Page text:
Remember the promise of Internet retail, where you could access a world wide audience and offer thousands of products at incredibly low costs?
Now read the sentence above and picture in your mind exactly what this means. Can you put a face on a world wide audience? Can you see thousands of products, or just thousands of boxes stacked high in a warehouse?
Even if you can, your customers cannot. It is proven. Offering thousands of products to faceless people yields no sales. Now look around the Internet and guess what you find? Perfectly intelligent people are making the same mistakes over and over, then blame the Internet for their lack of sales.
As the old saying goes, those who don’t learn from the past keep repeating the same mistakes. This is part of the confusion of Internet retail and it is also the key to your opportunity. Consider the experience of a retail store, how it is designed to introduce the customer to the products and how this can benefit you.
Give them one product and a comfortable place to view it
If you have ever been shopping for apparel in the United States, then you already understand the design of an effective retail system. For years retailers have been testing the placement of products, where to put the best pulling products and how to introduce you to the overall purchase.
For example, take the experience upon entering an apparel store. Usually you have about 5 to 10 feet of open space after entering the door, like a walkway to the store, immediately available before you start seeing products. For years retailers tried to pack products into this entry point, figuring that people would want to buy most upon entering.
Now you have an open entry point with one specific product line. Here's why:
1. Retailers discovered that customers entering the door were in need of relaxation. Coming from a busy highway or parking lot, rushing around with friends and family, the customer simply needed some time to orient themselves. The open path is a place to greet the customer, not overwhelm them.
2. Customers who did stop and look were disturbed by other customers brushing up against them, talking, and speeding by. It was like shopping in a busy tunnel; all the noise and commotion irritated people.
3. Retailers discovered that placing one product line at the end of this entry path helped introduce the customer to the buying process with a suggestive lead item. For example, I go to Men's Wearhouse to buy a suit. Upon entering the door I have my open entry point, and at the end are a selection of ties. Ties are the lead product for the entire suit; if I see a tie I like, the salesman can then guide me to the suit that fits that tie. Or if they offer a pair of shoes, we can then proceed to tailor the entire suit to those shoes. The entry point gives the customer a place to start the buying process, introduced by small, low price products (i.e., lead items) which they like.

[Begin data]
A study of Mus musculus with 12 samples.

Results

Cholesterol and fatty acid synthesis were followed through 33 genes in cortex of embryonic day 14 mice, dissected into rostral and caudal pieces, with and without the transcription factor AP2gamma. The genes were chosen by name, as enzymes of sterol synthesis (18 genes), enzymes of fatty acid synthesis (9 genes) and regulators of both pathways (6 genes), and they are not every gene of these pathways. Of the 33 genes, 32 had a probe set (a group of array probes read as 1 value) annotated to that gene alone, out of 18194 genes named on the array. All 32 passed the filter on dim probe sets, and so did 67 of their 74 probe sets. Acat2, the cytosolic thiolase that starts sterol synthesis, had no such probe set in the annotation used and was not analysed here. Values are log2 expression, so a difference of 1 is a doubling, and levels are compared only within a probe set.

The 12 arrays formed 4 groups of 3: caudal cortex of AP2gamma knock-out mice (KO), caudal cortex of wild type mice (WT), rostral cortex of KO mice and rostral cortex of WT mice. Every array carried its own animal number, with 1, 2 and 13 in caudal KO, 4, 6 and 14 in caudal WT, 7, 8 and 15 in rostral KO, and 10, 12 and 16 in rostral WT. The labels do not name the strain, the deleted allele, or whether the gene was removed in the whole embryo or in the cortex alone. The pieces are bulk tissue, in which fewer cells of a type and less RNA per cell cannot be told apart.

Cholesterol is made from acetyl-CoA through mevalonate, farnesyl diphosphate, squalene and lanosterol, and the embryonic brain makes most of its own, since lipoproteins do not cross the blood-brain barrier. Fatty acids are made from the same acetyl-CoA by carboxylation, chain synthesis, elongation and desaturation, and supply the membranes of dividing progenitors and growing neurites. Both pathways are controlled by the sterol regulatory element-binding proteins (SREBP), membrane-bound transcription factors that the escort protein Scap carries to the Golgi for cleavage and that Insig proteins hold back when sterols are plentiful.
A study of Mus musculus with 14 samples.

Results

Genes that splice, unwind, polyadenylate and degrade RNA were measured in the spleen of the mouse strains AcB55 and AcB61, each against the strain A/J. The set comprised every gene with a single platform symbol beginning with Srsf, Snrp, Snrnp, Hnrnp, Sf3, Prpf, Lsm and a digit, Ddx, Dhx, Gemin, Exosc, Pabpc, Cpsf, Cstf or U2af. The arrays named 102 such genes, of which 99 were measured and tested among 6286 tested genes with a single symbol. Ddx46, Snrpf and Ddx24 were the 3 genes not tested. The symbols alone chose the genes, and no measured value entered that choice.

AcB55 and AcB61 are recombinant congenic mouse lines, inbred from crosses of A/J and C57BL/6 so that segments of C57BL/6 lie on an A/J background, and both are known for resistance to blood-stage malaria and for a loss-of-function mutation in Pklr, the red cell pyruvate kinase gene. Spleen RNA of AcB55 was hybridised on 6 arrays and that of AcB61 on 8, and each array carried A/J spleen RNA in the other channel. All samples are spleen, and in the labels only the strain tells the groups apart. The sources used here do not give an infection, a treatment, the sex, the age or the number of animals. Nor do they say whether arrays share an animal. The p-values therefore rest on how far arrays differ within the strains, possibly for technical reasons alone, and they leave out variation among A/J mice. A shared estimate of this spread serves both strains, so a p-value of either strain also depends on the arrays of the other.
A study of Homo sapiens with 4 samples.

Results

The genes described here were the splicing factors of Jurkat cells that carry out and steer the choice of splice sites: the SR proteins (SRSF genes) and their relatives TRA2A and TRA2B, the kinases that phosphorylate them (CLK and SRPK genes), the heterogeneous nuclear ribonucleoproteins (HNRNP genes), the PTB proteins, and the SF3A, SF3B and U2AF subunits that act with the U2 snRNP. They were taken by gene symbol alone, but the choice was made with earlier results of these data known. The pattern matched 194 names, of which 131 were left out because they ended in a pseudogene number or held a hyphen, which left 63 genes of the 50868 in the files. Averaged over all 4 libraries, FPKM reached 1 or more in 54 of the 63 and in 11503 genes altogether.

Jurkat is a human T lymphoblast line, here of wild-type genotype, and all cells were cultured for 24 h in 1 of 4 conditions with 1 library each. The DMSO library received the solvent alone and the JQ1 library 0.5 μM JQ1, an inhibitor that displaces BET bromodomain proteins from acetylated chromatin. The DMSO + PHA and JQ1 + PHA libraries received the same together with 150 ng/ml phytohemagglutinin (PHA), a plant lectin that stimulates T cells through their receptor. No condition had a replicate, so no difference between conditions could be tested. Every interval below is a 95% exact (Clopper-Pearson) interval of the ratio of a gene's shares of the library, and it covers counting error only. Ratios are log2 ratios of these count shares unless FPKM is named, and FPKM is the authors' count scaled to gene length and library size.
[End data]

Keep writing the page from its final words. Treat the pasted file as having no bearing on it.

4. The entrance to your storefront is a critical place to create comfort and give people specific products to buy. Ties, and shoes, lead to the suit. The small decision leads to the bigger buy, by gradually working the consumer into the right state of mind. It is a passage to the sales process.
How to offer products and get people to buy
Imagine if you could take the same lessons learned in retail and apply them to your online storefront. Instead of a huge physical store, you have an entry point called a Web Page. Most people crowd this page with products, and force all their visitors to first go through this entry point, or home page, to enter the site.
They design the whole customer experience around that home page. It is crowded with products, and since everyone has to go there, the Web Page may be slow to open because of traffic. They are making the mistakes of retail, and ignoring the consequences.
Customers come to your store for a variety of reasons; they come based on the season, based on a life event like a birthday, or even just to browse. Each one of these people wants a specific entry point, a specific Web Page with a specific product, to introduce them to everything you offer.
You have a choice; do what the majority of people are doing (which fails), or create an entry point and process for your customers to get comfortable, and to buy.
You can be different. Now that you know the real secret of retail, apply what you have learned to your online storefront. Focus your customer on that specific product, like Men's Wearhouse focused me on the tie, in order to buy the whole suit.
Patrick Anderson founded Active Marketplace and is author of Right On The Money, from which this article is excerpted. The book is no longer available.